Lots on my mind; time to get it out...

This is a small piece of myself that I'm now willing to share. Handle with care; contents will break under pressure.

14 September 2010

21. Something I'd like to get off my chest...

So I love my friends and all, and I try to make the most of the conversations that we have with out taking the things they say too personally or to heart.

With that said....

The other day I was walking with a friend of mine and she and I were talking , you know normal everyday stuff.  At some point in the conversation I called her bourgie, in response to something she said.  Her response was that she wasn't bourgie, it's just how her mom raised her.  And so, I responded, "Cuz your mama is bourgie!"  To which she replied, "My mama can't be bourgie - she's white!"  (My friend is biracial; her mother is white, and her father is black, and she was raised predominantly by her mom.)  So what she was saying was that she couldn't be bourgie, because her mom is white and in some respect raised her white.  Really now?

I'm the last person to try to get caught up in the race thing, however I also like to be real about the world around me, which is why I found where our conversation went disturbing.  We continued to discuss the matter and I asked her if she was aware that outwardly the world generally perceives her a Black.  To which she replied that people perceive her as Mixed (of mixed race), and told me, quite matter-of-factly, that her birth certificate says she is white.  Something that, I'm not going to lie, kind of offended me.  But that was her mother's choice, and who am I to argue with how people raise their children.

Moving from this I chose to drop it.  I'm not gonna change her mind about who she is, or thinks she is, in a 10 minute walk to class.  I chose to attribute much of the way she feels about herself to the antiquated Charleston mindset of race and racial stereotypes.  Seeing as how she's spent much of her life here and this city  remains in somewhat of a time-warp, I tried to evaluate the situation from her point of view (as best I could).  She told me that people that when people see her they assume she is mixed, and that the fact that she doesn't "sound like [she's] from Charleston" i.e. she doesn't sound like Black people from Charleston.

To that I my initial [mental] reaction would be, "Hell, people think I'm Mixed, and I'm not!"  The assumption that fair complected people are of mixed heritage is common, and to some extent true, but that mix being of immediate relation (parents) is not always the case.  In my own case, to my knowledge I'm to far removed from whatever "mix" I may be for it to matter to me.
Personally, I think some people (usually light skinned) get too hung up on that stuff.  If you have one black parent and one parent of some other race, clearly, you're mixed.  People who look to grandparents and even great-grandparents if they feel the need to take it that far are fully justified in the "I'm mixed" thing.  However, when you simply have light parents, who have light parents, who have light parents (like me) no point in getting all hell bent in proving how "not black" you are.  It's just another one of those things that creates division and hatred within the community.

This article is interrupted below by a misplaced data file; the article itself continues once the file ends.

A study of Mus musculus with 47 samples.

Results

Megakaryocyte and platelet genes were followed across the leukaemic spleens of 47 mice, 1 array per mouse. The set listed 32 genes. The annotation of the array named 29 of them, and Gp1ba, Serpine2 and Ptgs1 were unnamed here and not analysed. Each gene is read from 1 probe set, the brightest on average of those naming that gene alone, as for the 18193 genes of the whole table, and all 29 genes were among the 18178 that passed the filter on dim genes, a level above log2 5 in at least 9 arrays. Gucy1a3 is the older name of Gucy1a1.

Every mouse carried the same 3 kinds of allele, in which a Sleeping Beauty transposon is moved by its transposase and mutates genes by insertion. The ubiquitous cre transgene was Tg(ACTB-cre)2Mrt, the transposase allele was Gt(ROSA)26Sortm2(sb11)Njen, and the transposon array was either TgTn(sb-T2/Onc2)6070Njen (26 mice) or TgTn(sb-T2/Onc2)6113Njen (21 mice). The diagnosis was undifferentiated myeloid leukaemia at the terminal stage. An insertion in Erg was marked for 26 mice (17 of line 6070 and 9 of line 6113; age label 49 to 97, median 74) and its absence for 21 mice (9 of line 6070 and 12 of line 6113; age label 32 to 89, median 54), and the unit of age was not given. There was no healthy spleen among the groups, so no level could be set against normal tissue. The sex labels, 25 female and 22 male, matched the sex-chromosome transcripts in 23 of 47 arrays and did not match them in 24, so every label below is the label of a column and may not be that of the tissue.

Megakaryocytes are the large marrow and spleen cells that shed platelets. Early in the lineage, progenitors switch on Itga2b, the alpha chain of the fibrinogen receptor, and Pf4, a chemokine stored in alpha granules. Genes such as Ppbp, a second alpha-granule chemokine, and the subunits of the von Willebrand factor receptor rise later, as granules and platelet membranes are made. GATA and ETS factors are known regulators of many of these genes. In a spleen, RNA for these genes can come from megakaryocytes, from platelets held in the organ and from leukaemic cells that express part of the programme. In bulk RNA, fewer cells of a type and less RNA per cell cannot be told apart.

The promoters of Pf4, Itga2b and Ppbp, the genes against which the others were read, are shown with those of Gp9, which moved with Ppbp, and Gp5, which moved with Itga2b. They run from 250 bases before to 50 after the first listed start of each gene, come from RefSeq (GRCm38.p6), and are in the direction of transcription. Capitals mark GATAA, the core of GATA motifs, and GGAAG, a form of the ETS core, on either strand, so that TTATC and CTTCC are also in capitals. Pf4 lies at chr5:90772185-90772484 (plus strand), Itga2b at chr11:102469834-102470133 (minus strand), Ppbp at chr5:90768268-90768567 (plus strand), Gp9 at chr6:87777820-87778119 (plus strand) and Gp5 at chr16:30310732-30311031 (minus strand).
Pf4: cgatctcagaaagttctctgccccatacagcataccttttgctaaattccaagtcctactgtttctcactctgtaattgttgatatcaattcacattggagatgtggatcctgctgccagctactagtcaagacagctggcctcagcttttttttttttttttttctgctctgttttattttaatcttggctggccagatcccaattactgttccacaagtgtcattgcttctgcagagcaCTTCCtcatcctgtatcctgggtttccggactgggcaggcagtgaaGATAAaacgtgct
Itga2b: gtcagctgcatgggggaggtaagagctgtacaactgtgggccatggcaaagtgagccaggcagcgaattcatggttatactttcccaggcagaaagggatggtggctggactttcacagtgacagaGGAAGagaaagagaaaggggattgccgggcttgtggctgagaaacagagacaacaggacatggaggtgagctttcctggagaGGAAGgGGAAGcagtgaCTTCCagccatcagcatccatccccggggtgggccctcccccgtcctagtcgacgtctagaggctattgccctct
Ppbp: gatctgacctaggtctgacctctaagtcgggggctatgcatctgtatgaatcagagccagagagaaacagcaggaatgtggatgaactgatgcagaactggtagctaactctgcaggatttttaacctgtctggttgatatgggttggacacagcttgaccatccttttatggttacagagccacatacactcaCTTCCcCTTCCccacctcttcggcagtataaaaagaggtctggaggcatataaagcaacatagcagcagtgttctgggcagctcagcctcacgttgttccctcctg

To those who are Mixed, by no means am I trying to downplay or trivialize any part of your heritage.  I think its sad when Mixed children who are raised by only one parent don't get the proper opportunity to know one side, because both, together, are an integral part of what makes up that person.  This, however, is not the case of my friend.  She was raised by one parent, but from what I gather her father is not by any means an absent parent and she is not culturally isolated from Black people - she goes to school with and socializes with  Black people, and, at will, uses the "n" word.  She's definitely Black saying that right?  If not, I may need to re-evaluate this friendship.  But I digress.

The point I am trying to make, is that society is based on appearances.  Hate to state the most obvious example but: Barack Obama.... hello?  Barack Obama is known the world over not just as the President of the United States, but the first Black President of the United States.  This is in spite of the fact that in reality he is Mixed.  When people first see him the thought is that he is a Black man, not a Mixed man.  That is simply put, because in reality most Black American heritage is mixed heritage.  So that being said we're all mixed, but realize that doesn't make you any less Black, any better, or any worse.  While it is one thing to be proud of one-half of your history,  it's another thing to use that half to distance your self from the other half.

In any case, I like to let people have their opinions, and sometimes it is better to just agree to disagree.  Like I said I wasn't going to change her mind about who she's come to perceive herself to be after 20 years.  Maybe I made too much of something that wasn't actually that serious.  Like I said in actuality people make too much of the whole light skin = mixed = not black mentality.  We all eat, shit, and sleep no matter what color, right?

All that said, this is just something I wanted to get off my chest, don't take it to heart.